Karen Armstrong and the Charter for Compassion

I love rationality. Seriously, for me, it’s like a nice, warm shower on a bitter, cold day; or a snow cone at the beach when it’s a hundred degrees outside. Rationality cuts through the oppressive wrongness and makes me believe that everything just might be okay. When things go wrong, rationality helps us process why they went wrong and how we can fix them. Sometimes it takes it some time to jumpstart—a few minutes, a couple of days—while we take out the emotional garbage and moan about how unfair life is. But, if we’re trained to make use of it, rationality always does jumpstart our competence, and helps us make things better.

IF we’re trained to make use of it.

If we’re not? Well, we tend to panic, to get angry, to make stupid decisions and, generally, to make things a whole lot worse.

A lot of people don’t consider religion to be the province of rationality. Religion, to them, seems like a superstition, or a set of commands to be memorized by rote and practiced out of reflex, without thought. For some other people, religion is exactly that, and, when they’re in its hold, and things go wrong, they tend to panic, to get angry, to make stupid decisions and, generally, to make things a whole lot worse.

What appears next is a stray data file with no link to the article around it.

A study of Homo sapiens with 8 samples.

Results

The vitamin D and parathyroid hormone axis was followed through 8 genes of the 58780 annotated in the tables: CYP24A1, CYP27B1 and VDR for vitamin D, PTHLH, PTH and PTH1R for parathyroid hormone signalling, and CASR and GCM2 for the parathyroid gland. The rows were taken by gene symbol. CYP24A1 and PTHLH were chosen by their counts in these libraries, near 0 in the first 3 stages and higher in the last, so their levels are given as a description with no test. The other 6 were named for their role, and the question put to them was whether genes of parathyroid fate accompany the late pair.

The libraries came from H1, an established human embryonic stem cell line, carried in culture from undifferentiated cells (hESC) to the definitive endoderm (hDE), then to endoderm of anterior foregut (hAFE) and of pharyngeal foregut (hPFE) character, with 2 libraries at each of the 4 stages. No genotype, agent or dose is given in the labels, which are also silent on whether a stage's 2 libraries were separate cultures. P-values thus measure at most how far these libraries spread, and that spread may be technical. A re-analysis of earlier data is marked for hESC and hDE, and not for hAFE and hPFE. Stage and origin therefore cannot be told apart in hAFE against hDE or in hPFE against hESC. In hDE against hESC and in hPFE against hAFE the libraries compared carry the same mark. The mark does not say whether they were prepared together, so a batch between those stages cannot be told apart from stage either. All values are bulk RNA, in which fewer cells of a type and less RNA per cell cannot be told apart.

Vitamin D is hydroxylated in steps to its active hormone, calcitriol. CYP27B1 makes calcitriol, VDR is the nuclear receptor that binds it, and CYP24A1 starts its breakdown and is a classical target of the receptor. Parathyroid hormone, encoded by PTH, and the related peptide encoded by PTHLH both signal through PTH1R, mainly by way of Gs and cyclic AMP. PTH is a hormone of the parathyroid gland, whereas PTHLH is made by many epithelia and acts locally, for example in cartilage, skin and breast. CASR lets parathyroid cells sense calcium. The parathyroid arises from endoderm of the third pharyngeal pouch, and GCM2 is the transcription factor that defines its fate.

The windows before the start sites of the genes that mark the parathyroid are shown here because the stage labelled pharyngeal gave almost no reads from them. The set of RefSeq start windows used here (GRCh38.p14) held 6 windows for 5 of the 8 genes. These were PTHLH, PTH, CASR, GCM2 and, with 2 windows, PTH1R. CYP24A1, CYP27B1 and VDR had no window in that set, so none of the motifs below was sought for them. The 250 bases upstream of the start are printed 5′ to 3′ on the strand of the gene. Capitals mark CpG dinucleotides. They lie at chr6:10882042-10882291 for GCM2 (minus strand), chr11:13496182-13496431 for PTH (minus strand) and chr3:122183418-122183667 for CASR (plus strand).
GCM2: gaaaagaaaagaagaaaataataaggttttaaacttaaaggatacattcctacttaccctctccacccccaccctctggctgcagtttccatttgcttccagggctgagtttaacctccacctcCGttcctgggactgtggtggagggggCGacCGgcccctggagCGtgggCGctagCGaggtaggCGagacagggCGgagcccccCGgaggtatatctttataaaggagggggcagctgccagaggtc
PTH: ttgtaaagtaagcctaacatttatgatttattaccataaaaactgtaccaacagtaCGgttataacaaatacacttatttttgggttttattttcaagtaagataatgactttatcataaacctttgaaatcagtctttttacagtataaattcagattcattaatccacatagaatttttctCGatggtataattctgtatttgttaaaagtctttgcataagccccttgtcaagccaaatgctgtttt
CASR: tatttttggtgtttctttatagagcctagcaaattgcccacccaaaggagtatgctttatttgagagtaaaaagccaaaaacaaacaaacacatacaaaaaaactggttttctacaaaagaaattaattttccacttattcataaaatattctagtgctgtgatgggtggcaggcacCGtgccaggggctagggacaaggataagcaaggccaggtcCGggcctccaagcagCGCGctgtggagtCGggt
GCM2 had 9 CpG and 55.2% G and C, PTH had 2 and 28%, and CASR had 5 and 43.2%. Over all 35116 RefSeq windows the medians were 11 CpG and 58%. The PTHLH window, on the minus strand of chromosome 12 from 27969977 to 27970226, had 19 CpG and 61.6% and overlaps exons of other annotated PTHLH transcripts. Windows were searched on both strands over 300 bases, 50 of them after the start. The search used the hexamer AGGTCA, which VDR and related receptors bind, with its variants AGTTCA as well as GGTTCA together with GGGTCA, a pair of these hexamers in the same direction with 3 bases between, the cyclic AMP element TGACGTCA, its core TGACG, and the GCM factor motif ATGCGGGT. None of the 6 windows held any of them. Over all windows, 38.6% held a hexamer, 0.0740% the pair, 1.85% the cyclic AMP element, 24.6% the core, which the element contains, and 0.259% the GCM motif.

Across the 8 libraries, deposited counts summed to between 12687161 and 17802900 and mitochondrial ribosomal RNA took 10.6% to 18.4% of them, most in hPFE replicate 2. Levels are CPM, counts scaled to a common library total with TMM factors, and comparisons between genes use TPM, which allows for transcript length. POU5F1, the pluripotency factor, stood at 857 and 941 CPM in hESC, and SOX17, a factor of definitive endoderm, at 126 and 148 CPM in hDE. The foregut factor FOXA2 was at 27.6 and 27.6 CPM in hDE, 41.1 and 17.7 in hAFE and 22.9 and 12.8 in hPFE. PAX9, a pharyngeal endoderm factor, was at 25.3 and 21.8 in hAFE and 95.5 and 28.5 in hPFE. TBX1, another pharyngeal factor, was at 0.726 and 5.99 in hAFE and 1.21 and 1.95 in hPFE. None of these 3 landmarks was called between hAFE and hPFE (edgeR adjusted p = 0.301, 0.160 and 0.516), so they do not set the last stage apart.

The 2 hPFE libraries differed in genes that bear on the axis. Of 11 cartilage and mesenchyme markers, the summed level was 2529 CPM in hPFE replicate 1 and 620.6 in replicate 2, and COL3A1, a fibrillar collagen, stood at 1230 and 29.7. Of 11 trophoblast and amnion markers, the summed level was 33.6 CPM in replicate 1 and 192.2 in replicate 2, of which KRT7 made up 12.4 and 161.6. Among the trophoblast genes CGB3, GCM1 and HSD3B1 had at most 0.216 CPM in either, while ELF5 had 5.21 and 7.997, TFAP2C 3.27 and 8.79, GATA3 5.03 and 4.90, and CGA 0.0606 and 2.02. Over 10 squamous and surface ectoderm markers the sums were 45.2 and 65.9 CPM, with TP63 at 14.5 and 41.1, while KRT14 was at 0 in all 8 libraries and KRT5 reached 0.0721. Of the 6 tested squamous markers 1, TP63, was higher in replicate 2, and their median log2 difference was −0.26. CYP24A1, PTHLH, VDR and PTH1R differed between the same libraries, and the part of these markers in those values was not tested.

Karen Armstrong is neither of those kinds of people. She’s a very rational person, a scholar who has devoted a huge chunk of her life to understanding religion—all kinds of religions—and to telling others how it can fit into a rational worldview and a rational life practice. When she speaks or writes about religion, she makes it make sense, even to someone who has no interested in practicing it.

In this TED talk which my Sunday School class watched yesterday (yes, I go to Sunday School!), she talks about the thing that many of our religions—Christianity, Buddhism, Judaism, Wicca, Islam—have in common, and that’s the Golden Rule. She advocates for us to approach our differences and our problems with compassion, and she so damn smart that she doesn’t even seem to know that she needs to mention rationality—probably because it’s just built into her operating system.

If you don’t know Ms. Armstrong’s work, let this short video serve as an introduction. Whether you follow one of the religions mentioned above, or another, or you’re an atheist, she’s got something to say that you might like to hear.